I've been thinking about issues related to trust and risk ever since Jamie Notter and Maddie Grant's unsession on their forthcoming book, Humanize, at #ASAE11.
During the session, Jamie made a really interesting point: trust and risk are correlated. As trust goes up, risk goes up. In order to lower risk, we also end up lowering trust.
Ever wondered why staff members have such strong reactions to new policies at your association? Voila. That reads, on some level, like you don't trust them.
Here's the thing: we can't just throw out all our policies and skip merrily along trusting everyone completely and all the time. First of all, my many lawyer friends would be out of business if we did. They're all smart people, so I'm sure they'd find something else to do. But the unemployment rate is high enough right now.
But also, it's not realistic. There are people out there who, through ignorance, accident or ill intent, can harm our associations. Our members and the other communities we serve have the right to expect us to do what we can to protect our associations, by preventing what risks we can and being prepared to ameliorate those we can't.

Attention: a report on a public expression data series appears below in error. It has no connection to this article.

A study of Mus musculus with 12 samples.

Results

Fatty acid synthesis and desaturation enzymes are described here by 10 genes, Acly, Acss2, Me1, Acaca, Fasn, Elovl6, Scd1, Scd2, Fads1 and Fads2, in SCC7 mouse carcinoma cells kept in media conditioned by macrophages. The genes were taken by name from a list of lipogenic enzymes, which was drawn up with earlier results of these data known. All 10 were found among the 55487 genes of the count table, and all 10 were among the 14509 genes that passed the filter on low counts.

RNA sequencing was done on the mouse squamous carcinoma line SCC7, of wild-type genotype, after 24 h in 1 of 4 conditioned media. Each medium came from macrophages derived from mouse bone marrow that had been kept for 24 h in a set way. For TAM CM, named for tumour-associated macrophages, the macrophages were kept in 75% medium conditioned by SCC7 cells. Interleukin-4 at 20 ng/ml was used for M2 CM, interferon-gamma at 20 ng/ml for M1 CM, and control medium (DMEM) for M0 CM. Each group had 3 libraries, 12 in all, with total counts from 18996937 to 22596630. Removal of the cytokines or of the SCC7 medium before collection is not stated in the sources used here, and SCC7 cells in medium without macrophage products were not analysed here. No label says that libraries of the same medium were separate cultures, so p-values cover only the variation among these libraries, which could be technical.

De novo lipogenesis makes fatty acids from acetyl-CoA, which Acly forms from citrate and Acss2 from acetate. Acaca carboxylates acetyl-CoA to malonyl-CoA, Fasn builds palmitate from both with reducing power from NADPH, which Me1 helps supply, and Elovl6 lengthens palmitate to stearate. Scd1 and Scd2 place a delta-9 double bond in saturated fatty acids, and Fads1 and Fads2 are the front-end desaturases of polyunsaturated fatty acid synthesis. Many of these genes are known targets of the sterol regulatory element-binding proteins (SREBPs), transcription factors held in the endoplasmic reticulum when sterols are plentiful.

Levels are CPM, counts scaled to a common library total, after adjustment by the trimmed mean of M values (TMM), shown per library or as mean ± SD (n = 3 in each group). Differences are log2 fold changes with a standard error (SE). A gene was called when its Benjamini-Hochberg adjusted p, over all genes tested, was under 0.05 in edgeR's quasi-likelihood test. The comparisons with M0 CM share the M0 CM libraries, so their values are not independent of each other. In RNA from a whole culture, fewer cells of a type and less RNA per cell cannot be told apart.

On the other hand, our staff members deserve respect and professional courtesy. After all, if we can't trust them even a little bit, why did we hire them in the first place?
I don't have the perfect answer to this. In fact, there isn't one. Different organizations have different levels of tolerance for and exposure to risk. If you deal with credit card or HIPPA protected data, you know exactly what I mean.
I think this raises and important consideration for us as part of our own risk calculations. We often focus on the downsides of being more open, more trusting, etc in assessing risk. Do we think about the other side: what is the risk of reducing trust? Now that social media is, to quote Jamie, "kicking our asses" maybe we need to weigh that side of the calculation a little more carefully.